The New York Times' Scores

For 11,492 reviews, this publication has graded:
  • 48% higher than the average critic
  • 4% same as the average critic
  • 48% lower than the average critic
On average, this publication grades 3.1 points lower than other critics. (0-100 point scale)
Average Movie review score: 59
Highest review score: 100 National Gallery
Lowest review score: 0 Grown Ups
Score distribution:
11492 movie reviews
    • 51 Metascore
    • 50 Critic Score
    Smart-aleck comedy and spirituality aren't incompatible, but in Adam's Apples they cancel each other out.
    • 38 Metascore
    • 50 Critic Score
    Much like watching a straightforward theatrical production of any play hailing from any century: you have to imagine a more detailed world beyond the bare-bones visuals.
  1. The director, Oren Jacoby, who made the Oscar-nominated short “Sister Rose’s Passion” and the feature “Constantine’s Sword,” doesn’t give My Italian Secret much structural or chronological organization. The anecdotal presentation sometimes seems more suited for museum browsing than for viewing in a theater.
  2. The longtime friends Mr. Guzmán and Mr. Garcia have an unforced chemistry. But the effective jokes land too rarely. You’ll be ready to leave when the trip is over.
  3. Low-key creepy rather than outright scary, the new Amityville marks a modest improvement over the original, partly because, from acting to bloody effects, it is better executed.
  4. It cares far more about herding audiences into theaters than about what they hear or see.
  5. Written and directed by Richard Squires, Crazy Like a Fox provides Mr. Rees with the daftest role of a long and varied career.
  6. Good-hearted stuff, to be sure, but mainly of interest to lovers of cinematic comfort food.
  7. Partly because Miss Sloane is more a character study than a coherent political drama, it fumbles the issue it purports to address, and it eventually runs aground in a preposterous ending.
  8. But viewers looking to learn more about Mr. Watterson and his creation than what’s contained in his Wikipedia entry may come away as hopped-up with impatience as Calvin when confronted by parental indifference.
  9. Your enjoyment of Paper Heart will hinge almost entirely on your receptiveness to Ms. Yi and the extreme iteration of social awkwardness she represents.
  10. Mr. Egoyan has shown off these etchings before -- a solemn young woman in lingerie, a handsome older man in the throes of erotic distress -- and the artistry he brings to the display feels tired and thin this time around. Chloe works hard at seduction, but its heart isn’t really in the game.
  11. The narrative manages 30 solid minutes of ingenuity, before breaking into a version of Charlie Kaufman-style absurdity.
  12. Mr. Wain, who made a delightful comedy with “Role Models” and a cult favorite with “Wet Hot American Summer,” has opted to deliver a series of hit-and-miss sketch-comedy bits rather than a fully realized movie that might have gutted contemporary rom-com clichés rather than just weakly aping them.
  13. The vogue for retro-horror, particularly the stripped-down shivers of 1970's slasher flicks, continues apace in this nasty little piece of work from Australia.
  14. Slight but bright and charming.
  15. An unpleasant comedy about friendship, aims to be a female twist on the bromance. Crude and knockabout, it nonetheless has - like many a bromance - a sloppy, sentimental heart.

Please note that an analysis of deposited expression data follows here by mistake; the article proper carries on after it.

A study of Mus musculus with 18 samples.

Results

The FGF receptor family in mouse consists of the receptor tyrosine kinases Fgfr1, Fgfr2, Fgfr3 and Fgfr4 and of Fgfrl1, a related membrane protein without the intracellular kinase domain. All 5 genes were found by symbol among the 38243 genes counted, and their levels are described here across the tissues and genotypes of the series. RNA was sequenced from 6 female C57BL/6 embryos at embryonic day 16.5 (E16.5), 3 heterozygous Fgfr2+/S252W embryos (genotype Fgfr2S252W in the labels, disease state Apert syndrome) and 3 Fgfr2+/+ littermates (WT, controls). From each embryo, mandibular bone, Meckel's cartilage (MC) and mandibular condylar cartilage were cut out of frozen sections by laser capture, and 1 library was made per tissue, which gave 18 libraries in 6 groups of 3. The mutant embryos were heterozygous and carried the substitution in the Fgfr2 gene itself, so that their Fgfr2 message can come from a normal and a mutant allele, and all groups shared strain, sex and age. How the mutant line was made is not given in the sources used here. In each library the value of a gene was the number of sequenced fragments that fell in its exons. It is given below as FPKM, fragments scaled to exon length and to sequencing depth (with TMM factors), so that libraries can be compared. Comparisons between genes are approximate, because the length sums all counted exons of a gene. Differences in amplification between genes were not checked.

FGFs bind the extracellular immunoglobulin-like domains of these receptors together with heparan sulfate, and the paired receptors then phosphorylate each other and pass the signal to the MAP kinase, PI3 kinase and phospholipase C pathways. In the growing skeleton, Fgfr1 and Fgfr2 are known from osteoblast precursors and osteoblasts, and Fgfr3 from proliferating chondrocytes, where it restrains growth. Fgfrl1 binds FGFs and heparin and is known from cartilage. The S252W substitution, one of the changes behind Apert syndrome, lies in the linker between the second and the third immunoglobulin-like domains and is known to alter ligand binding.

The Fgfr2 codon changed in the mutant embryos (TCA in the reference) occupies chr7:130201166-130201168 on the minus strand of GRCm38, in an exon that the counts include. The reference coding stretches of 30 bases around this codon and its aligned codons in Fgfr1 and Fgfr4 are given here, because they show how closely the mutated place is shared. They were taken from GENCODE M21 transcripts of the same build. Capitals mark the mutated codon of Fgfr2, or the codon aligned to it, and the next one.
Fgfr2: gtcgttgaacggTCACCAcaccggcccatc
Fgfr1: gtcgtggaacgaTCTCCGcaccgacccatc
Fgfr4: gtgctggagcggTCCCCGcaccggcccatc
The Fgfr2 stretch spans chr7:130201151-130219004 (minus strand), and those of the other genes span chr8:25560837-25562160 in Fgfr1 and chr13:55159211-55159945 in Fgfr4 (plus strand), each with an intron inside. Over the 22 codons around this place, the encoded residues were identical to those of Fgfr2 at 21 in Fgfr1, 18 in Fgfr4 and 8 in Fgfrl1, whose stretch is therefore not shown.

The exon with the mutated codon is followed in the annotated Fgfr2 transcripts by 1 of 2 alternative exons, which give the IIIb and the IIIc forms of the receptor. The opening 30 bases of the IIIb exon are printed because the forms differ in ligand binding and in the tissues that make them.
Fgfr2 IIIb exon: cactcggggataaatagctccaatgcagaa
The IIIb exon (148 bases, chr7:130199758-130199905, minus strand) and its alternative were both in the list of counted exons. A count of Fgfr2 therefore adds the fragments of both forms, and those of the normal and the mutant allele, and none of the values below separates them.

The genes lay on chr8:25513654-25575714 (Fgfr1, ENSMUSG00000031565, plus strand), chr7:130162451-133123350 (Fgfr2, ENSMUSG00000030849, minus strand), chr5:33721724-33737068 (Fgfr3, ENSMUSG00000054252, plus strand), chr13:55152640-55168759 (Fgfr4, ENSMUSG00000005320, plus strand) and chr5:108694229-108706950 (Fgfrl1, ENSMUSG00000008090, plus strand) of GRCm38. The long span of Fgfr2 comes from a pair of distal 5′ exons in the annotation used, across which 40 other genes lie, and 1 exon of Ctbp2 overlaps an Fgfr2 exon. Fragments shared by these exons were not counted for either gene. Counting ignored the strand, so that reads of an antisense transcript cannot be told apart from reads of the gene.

16. For all its flighty charms, The Extra Man never really lands. It hovers like a hummingbird madly beating its wings to stay aloft.
  17. Watching the quasi-documentary marketing tool Mindless Behavior: All Around the World, you would think that the boy band Mindless Behavior existed as a charity, so abundant are the platitudes about the members’ living for the fans, being positive, inspiring others and the self-actualization of the “mindless” state.
  18. Purports to be a documentary about the American public school system. In reality, however, it’s a bludgeoning rant against a single state — New Jersey — which it presents as a closed loop of Mercedes-owning administrators, obstructive teachers’ unions and corrupt school boards.
  19. Uninspired Update, Unintentional Laughs.
  20. Lush, lurid and completely besotted with itself, Eternal is one of those movies normally found slinking around the ether of late-night cable television.
  21. The full-on goofiness is not reliably buoyant; this is an intermittently enjoyable but often choppy comic ride.
  22. Connoisseurs of craziness need wait no longer. Cobra Verde opens today in all its feral, baffling glory. Along with "Aguirre" and "Fitzcarraldo," Cobra Verde completes a trilogy of mayhem and megalomania in hot climates.
  23. In 9 1/2 Weeks, he has created a work that might well qualify as a truly nouveau film. Here is a movie in which actors impersonating characters are blended into the decor so completely that they take on the properties of animated products, no more or less important than exquisitely photographed strawberries.[21 Feb 1986, p.C17]
    • The New York Times
  24. The consistent comic tone of those earlier scenes - a gentle squirm - makes The Happy Poet a promising debut.
  25. The truth about the case of Christine Collins is so shocking and dramatic that embellishment must have seemed pointless, but in sticking so close to the historical record, Mr. Straczynski and Mr. Eastwood have produced a distended, awkward narrative whose strongest themes are lost in the murky pomp of period detail.
  26. Either way, it doesn’t quite go far enough as psychological study or cultural commentary.
  27. Represents something new under the sun: sincere camp.
  28. This tale of a yuppie couple (played by Ayushmann Khurrana and Sonam Kapoor) flirts with intriguing notions of recessionary struggle, though strained, contrived humor bogs it down.